When envisioning an event titled “New Voices in Science and Technology Studies,” the Sawyer Library Reading Room is not exactly the location that one expects. Despite the College’s fervent efforts to revamp and modernize campus, the reading room remains old-fashioned, with its book-lined walls, ornate wooden bookshelves and chairs and intricate molded ceiling.
The only technology present at the event was a precarious projector and sound system which were obviously moved from the sleeker parts of the library. No part of this landscape screamed “new” or “technology”; beyond the fact that the room was predominately populated by people of color and white women, it truly screamed “classic-liberal-arts-college-from-the-20th-century.”
The atmosphere contrasted with the content of the symposium, held on Saturday. The event aimed, as noted in its description, to “scrutinize the imbrications of society with science and technology from diverse disciplinary vantages.” The symposium lasted eight hours and included presentations from — as the College’s call for papers described — “early-career scholars (ABD or recent Ph.D.) from historically underrepresented groups.”
The presenters were divided into three panels: Automated Connection, Automated Control; Ethnographic Perspectives on Infrastructure and Public Health; and Epistemic Borders and Solidarities, with research topics varying from the effect of automation in Jakarta’s bike-taxi drivers’ digital platforms to how land-surveying technology perpetuated racist land-settlement. After each panel, a College faculty member led a discussion with the panelists and the audience participated in a Q&A.
The presenters, who held degrees in fields including sociology, American studies, history, public health, geography and anthropology, and come from institutions such as Berkley, M.I.T. and Princeton, were selected based on submitted work and all received a $500 honorarium from the college. The event was specifically advertised to solicit submissions from self-identified members of underrepresented groups.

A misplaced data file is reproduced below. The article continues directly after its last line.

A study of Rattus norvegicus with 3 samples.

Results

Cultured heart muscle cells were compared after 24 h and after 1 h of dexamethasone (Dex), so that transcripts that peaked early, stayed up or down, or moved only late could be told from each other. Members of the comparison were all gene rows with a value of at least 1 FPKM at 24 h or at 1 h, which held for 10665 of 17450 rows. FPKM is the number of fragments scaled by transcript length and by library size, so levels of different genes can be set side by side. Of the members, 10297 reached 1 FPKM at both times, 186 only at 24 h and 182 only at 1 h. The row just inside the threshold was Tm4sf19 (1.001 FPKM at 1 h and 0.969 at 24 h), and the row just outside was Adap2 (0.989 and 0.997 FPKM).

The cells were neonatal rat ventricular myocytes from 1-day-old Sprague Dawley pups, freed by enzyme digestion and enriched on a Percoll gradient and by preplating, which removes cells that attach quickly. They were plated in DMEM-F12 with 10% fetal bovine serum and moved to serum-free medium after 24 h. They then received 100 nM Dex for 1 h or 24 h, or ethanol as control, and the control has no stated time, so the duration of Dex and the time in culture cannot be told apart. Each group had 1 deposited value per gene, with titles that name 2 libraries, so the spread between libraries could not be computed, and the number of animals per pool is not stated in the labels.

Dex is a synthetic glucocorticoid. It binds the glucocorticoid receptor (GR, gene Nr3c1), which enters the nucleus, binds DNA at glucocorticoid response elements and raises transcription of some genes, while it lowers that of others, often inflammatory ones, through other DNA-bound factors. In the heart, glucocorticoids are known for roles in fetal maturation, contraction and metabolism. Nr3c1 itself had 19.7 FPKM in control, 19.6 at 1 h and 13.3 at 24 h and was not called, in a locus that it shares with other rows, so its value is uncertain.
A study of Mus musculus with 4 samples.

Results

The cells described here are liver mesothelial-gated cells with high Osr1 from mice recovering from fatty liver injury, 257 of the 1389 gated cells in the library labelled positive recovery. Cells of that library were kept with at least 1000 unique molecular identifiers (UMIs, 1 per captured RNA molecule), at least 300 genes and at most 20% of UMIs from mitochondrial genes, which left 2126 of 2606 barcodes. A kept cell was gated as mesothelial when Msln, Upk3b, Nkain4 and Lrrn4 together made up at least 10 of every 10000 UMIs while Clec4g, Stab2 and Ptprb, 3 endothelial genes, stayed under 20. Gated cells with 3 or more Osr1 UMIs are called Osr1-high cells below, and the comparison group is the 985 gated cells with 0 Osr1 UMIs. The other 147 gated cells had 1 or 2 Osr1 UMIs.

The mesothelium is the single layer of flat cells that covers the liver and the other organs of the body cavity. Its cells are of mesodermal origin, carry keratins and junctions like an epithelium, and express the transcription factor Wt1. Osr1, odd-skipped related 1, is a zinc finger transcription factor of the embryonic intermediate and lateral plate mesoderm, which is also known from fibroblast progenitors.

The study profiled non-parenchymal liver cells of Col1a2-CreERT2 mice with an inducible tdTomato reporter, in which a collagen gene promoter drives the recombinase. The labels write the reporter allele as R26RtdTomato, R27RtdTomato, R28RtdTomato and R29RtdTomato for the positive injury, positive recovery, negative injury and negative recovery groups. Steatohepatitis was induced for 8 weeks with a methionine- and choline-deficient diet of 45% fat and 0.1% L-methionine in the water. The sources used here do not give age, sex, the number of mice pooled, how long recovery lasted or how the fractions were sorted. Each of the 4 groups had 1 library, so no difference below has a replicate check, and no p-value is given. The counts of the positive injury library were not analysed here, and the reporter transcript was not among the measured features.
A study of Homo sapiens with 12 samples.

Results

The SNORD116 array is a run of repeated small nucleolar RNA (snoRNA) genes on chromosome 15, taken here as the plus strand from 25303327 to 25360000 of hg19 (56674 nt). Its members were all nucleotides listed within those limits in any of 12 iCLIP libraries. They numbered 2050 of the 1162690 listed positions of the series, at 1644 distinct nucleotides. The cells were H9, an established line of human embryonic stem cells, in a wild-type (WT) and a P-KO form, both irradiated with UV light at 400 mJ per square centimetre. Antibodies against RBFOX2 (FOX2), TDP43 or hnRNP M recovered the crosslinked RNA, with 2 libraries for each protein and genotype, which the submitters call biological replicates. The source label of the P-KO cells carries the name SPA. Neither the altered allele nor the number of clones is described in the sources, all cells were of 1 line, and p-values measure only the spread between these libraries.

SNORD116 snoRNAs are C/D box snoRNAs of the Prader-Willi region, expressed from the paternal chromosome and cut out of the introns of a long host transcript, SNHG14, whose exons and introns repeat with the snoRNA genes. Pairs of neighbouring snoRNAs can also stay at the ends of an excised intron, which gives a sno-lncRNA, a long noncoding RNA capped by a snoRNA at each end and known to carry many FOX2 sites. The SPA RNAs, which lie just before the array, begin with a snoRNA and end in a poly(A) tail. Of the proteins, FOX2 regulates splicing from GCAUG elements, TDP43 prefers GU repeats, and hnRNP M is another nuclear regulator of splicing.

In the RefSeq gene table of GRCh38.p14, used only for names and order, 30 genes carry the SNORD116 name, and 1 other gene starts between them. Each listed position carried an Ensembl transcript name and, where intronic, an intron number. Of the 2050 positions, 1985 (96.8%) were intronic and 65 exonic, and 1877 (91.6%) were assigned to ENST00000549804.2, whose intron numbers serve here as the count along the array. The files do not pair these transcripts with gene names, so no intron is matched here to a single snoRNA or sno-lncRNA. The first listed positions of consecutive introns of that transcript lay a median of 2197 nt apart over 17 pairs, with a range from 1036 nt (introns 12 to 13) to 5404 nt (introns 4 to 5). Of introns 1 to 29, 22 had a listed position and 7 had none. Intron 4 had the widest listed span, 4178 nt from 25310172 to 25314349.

Science and technology studies (STS) in general are attempts to think about science and technology outside of its traditional framework. The College’s STS website describes the program as “an interdisciplinary framework through which to appreciate the complex interactions between science, technology and society, and with which to analyze and understand the ways science and technology give shape to, and are in turn given shape by, society, culture and history.” The program seeks to tackle “scientific controversies, expert knowledge, innovation and sociohistorical transformation, politics and policy, media and communication infrastructure, public understanding of science and technology and philosophical questions.”
The New Voices in Science and Technology Studies event focused more specifically on the intersections among science, technology and equity, where academics of color spoke to issues such as environmental racism, violent land practices and the prevalence of Western science. This focus sparked controversy on the self-described “right-minded” student-reported news site, The College Fix, which posted an article on the symposium titled “Whites need not apply: Campus sci-tech symposium to only feature scholars of color,” criticizing the event’s perceived exclusion of white scholars.
Students who attended the symposium, however, disagreed. Melvin Lewis ’22, for example, who is currently taking “Indigenous Futurism and Science Fiction” with Assistant Professor of American Studies Eli Nelson and came to the symposium for extra credit, said he thought that it is “important to give a platform to underrepresented voices in academia to help counteract the effects of the barriers to entry.”
“Academia often seems like an old boys’ club,” Lewis said. “It’s great to pass the mic to the young scholars and give them an opportunity to discuss their work.”